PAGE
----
During a routine anti-doping sample collection in Thailand, someone called the cops on the agent tasked with getting the sample from UFC champ Cris Cyborg.

UFC 198 Weigh-ins Photo by Buda Mendes/Getty Images

UFC women’s featherweight champion Cris Cyborg claimed in a series of tweets that the agent sent to collect her anti-doping sample didn’t have a valid visa for Thailand, that the police were called on them, and that “They were not Thai there were other differences with how sample was collected that were not normal procedure as well.”

A source at USADA stated that the sample was collected on USADA’s behalf by a sample collecting agency USADA is familiar with and has used before. The agency follows WADA guidelines for sample collection, and was used in this instance because the Thai national anti-doping agency was not able to do the sample collection in the timeframe required.

While there can be small, superficial differences in how different agencies collect samples; for instance, the type of cup or container used, or the conversation that happens prior to collection may be a little different, but the procedure overall remains the same and the adherence to WADA guidelines ensures the collection process isn’t compromised.

Athletes who have any concerns about a collection process have multiple avenues for contacting USADA to express those concerns. It doesn’t appear that Cyborg chose to do so.

The collection agent was apparently apprehended by Thai authorities, but was later released. According to USADA, the sample is in transit to the WADA accredited lab in Japan without being compromised or tampered with. It’s not clear whether or not there was an issue with the agent’s visa at this point in time, but all such visas would be handled by the third party collection agency, and not USADA directly.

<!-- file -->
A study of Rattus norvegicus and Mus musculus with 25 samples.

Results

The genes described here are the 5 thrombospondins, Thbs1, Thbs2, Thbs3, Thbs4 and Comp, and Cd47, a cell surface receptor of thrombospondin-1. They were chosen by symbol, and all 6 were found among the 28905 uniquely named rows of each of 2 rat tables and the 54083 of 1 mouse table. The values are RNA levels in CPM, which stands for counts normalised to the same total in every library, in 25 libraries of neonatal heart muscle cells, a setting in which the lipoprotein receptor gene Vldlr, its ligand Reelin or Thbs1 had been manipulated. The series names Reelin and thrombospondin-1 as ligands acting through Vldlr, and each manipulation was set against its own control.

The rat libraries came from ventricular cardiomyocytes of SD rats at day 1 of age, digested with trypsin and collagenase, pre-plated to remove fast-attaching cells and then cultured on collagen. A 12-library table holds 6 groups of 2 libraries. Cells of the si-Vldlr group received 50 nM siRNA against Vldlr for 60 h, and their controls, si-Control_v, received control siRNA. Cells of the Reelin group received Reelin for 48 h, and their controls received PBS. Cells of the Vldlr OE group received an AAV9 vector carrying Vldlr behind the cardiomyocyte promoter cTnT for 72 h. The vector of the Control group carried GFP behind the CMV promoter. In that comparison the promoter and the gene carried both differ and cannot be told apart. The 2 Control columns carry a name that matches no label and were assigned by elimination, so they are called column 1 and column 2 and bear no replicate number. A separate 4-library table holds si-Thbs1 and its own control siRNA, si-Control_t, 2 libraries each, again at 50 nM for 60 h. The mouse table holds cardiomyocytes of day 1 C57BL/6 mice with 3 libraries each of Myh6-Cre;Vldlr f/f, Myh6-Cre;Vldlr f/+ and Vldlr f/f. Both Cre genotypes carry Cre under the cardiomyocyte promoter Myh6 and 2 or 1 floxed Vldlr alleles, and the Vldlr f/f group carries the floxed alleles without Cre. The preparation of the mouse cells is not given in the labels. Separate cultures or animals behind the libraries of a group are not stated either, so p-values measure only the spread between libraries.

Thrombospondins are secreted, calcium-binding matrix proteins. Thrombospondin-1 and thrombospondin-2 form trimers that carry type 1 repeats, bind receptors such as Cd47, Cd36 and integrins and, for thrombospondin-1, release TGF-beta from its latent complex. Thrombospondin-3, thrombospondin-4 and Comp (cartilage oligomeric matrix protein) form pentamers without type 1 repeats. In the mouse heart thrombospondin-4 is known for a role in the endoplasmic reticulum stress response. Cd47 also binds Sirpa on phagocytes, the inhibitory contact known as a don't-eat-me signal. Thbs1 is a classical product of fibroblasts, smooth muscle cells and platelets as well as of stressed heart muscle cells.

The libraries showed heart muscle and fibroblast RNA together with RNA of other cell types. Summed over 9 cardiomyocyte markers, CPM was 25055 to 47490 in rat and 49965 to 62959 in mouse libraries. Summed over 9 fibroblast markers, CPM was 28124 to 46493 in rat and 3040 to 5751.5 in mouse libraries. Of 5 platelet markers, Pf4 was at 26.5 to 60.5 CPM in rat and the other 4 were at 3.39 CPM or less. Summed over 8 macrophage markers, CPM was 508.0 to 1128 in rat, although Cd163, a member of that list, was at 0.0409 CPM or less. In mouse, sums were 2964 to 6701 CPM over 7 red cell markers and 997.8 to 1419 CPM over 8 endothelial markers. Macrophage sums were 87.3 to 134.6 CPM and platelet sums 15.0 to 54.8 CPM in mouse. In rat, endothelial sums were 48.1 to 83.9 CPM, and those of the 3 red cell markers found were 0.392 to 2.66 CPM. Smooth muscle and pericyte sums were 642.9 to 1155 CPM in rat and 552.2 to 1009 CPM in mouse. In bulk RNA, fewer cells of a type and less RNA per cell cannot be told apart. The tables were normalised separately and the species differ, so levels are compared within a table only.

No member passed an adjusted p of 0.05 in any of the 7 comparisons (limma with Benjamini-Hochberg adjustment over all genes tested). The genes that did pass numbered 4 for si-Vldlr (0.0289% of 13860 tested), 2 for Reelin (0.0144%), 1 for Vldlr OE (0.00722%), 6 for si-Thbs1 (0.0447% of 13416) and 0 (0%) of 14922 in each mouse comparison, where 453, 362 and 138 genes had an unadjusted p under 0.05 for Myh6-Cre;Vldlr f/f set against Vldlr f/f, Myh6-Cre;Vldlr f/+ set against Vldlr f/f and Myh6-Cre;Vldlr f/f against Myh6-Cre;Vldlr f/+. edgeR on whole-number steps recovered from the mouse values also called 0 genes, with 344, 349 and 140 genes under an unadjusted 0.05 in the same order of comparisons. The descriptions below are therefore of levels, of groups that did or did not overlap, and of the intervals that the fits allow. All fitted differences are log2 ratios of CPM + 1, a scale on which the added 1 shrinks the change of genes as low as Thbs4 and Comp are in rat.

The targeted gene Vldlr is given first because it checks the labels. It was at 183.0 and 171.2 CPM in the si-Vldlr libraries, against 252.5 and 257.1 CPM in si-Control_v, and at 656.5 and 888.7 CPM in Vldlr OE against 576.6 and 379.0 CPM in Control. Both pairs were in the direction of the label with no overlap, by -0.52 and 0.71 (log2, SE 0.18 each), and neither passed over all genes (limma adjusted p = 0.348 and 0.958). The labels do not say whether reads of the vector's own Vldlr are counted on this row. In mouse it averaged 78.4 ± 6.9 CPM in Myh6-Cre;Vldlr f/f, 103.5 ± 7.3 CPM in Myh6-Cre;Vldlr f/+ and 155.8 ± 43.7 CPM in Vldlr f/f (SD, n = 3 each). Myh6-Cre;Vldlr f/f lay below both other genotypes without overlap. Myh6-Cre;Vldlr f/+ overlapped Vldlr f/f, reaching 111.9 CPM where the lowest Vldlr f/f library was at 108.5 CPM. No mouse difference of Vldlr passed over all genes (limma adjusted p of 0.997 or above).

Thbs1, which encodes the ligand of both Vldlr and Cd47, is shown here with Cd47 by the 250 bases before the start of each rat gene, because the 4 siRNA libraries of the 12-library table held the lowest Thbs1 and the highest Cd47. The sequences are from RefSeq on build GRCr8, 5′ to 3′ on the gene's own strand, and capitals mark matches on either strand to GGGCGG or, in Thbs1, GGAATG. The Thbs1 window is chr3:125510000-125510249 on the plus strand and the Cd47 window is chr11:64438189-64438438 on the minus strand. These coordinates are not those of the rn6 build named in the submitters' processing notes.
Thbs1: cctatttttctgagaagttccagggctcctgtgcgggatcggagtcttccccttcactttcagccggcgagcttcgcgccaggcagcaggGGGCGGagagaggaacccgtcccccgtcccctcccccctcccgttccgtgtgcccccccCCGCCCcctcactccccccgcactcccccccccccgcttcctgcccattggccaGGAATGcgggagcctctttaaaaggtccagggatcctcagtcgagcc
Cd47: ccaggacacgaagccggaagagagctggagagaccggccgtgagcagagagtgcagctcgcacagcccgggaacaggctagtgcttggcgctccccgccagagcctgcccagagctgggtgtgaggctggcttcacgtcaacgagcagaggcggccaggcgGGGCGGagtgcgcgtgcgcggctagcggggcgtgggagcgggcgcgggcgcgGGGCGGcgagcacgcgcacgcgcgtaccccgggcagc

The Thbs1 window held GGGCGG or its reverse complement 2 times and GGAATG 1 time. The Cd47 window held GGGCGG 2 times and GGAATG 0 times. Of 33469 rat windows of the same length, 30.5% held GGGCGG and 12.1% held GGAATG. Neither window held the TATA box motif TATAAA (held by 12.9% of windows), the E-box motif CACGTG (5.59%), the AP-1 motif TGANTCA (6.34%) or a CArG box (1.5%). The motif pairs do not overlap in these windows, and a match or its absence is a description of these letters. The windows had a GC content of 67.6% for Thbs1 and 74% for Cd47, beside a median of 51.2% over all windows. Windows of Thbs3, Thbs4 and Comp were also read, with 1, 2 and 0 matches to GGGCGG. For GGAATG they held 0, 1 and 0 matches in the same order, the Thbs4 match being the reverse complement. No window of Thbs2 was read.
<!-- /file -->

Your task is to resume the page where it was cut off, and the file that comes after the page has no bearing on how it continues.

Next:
Local authorities interrupting the sample collection process is something that is uncommon, but not unheard of. The nature of collection involves agents showing up and hanging around places of residence, gyms, hotels, and other buildings for long periods of time, which can raise suspicions.

It’s also not unheard of for fighters or their camps to call the authorities on sample collection agents either, as happened during the Nevada athletic commission’s attempts to test Jose Aldo ahead of UFC 189.

In most cases, as is likely to happen in this case, the sample is still successfully collected and delivered for testing. Cyborg, by all accounts, provided her sample to the collection agent willingly, and according to her Twitter account, it was the hotel she was staying at who called the authorities, not someone from her team.

Samples are usually processed in one to three weeks depending on the lab used, tests run, and whether or not they are marked for priority testing.